Snakes in Chile


The most common snake is the chilean slender snake or short tailed snake , culebra de cola corta, and  in latin Tychymenis chilensis.  It is found over most of Chile and while the peruvian species can be fatal, the chilean species is not. It is a venomous snake and the bite can be painful but it is not known to be fatal but then there have not been many recorded bites as it is rarely found. The snake in the picture above was found near a creek in the woods near our farm. It is a greenish brown with brown or black stripes.

The other snake is the chilean long tailed snake or culebra de cola larga and in latin Philodryas chamissonis. It is endemic to Chile and it’s range is from Copiapo in the north to Valdivia in the south. It is gray with black and white stripes and can grow up to 4 feet in length. Not much information is available on it because it is so uncommonly seen. The bite can be painful and cause swelling but is not known to be fatal.

 

 


  1. Really? That is really amazing that there are only two indigenous to the area…when they are so close to other notoriously snake-populated areas. I understand your reasoning…the world is amazing in the way it works. I think it is interesting that there haven’t been any others introduced to the region by humans, which has happened in other places around the world. Just two…wow.

    • Chile is very strict about agricultural and animal controls on the borders. But accidents do happen like the controlled introduction of beavers into southern patagonia to develop a fur trading business. Now the beavers are destroying protected trees and the government wants to kill all the beavers. Ooops. Who da thunk? They have no natural predators here so it was like shangri-la for the beavers.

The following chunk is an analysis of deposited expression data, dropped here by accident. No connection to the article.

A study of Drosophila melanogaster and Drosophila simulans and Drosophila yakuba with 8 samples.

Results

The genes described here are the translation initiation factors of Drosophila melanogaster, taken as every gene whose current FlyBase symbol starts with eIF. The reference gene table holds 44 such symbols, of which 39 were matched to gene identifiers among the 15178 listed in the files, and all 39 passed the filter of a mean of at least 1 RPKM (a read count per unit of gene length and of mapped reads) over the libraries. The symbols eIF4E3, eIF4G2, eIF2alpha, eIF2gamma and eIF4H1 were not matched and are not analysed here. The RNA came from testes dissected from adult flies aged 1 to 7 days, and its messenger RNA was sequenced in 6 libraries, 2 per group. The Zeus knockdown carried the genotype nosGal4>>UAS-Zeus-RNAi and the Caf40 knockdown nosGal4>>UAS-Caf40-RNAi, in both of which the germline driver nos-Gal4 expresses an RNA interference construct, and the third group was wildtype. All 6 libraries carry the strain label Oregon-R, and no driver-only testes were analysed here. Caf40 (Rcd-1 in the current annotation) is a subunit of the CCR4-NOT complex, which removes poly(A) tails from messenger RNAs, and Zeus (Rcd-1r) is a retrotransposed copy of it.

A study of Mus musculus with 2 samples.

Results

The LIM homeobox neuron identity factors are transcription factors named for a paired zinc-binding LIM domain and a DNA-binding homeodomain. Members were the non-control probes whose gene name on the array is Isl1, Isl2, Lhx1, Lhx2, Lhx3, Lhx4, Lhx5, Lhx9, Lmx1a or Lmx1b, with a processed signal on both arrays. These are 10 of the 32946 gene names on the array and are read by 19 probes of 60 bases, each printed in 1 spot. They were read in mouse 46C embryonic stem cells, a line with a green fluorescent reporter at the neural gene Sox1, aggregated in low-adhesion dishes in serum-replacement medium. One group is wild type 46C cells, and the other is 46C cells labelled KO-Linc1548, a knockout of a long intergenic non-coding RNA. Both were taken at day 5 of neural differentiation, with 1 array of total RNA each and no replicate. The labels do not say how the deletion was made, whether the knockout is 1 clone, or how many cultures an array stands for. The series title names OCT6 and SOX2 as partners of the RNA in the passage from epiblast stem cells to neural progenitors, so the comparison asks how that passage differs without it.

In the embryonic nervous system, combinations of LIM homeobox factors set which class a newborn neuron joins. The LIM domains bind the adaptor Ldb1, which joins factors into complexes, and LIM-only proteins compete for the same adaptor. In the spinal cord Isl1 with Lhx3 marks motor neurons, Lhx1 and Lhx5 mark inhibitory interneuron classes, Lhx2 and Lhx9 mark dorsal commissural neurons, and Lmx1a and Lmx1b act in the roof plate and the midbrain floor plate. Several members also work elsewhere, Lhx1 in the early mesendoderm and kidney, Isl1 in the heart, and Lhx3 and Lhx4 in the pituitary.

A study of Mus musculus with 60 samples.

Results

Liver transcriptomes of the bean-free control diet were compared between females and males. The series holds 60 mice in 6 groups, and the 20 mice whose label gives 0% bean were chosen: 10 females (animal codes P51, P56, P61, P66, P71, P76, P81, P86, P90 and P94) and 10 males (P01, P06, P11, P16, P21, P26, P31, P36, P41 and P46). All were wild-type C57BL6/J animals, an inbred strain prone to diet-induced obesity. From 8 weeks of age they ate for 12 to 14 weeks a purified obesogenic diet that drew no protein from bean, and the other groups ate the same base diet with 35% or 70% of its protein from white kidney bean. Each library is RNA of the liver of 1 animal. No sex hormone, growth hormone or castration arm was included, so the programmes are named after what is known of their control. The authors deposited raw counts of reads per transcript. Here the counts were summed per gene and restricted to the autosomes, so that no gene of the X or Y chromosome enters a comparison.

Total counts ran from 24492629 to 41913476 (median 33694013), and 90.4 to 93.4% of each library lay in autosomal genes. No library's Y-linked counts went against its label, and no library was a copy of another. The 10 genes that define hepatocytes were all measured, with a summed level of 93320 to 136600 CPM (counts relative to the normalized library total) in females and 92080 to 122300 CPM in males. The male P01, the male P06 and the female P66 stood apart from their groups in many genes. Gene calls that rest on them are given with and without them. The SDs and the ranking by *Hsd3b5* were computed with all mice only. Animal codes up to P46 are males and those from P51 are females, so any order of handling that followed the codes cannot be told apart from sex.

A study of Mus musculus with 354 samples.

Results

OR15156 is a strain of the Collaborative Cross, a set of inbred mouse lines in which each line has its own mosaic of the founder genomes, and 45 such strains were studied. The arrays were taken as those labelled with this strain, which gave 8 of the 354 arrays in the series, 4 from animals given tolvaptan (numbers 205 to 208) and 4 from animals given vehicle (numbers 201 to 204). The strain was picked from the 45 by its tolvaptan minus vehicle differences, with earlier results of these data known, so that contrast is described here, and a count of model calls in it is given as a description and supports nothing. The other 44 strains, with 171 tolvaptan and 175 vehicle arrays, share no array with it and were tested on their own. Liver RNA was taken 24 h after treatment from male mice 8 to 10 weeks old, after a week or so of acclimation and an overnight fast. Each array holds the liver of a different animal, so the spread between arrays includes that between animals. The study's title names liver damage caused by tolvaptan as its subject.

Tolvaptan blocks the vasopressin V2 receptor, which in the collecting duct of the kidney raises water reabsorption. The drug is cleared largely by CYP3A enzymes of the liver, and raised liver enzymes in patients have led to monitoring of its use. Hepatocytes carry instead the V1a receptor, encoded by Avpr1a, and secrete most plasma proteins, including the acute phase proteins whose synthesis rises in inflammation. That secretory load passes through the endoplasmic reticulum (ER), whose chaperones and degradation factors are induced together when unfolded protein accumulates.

2. I enjoyed learning about the snakes there. I know a lot of people who wished it was like that here in the US. We have many snakes, and several poisonous types. In our immediate area, though, there are only two poisonous and many non-poisonous. Just this morning one of the black rat snakes (not poisonous, just pesky) ate all of the eggs my hen was setting. I happen to like snakes of all sorts but wish they’d leave the eggs alone.

    • Yes, growing up in Connecticut I remember the black snake problems my Mom had in her hen house. I am so glad we don’t have that problem here! I just found one of my hens nesting in the tall grasses next to the pig pen sitting on 10 eggs. My only worry is the fox but he hasn’t been around in a while.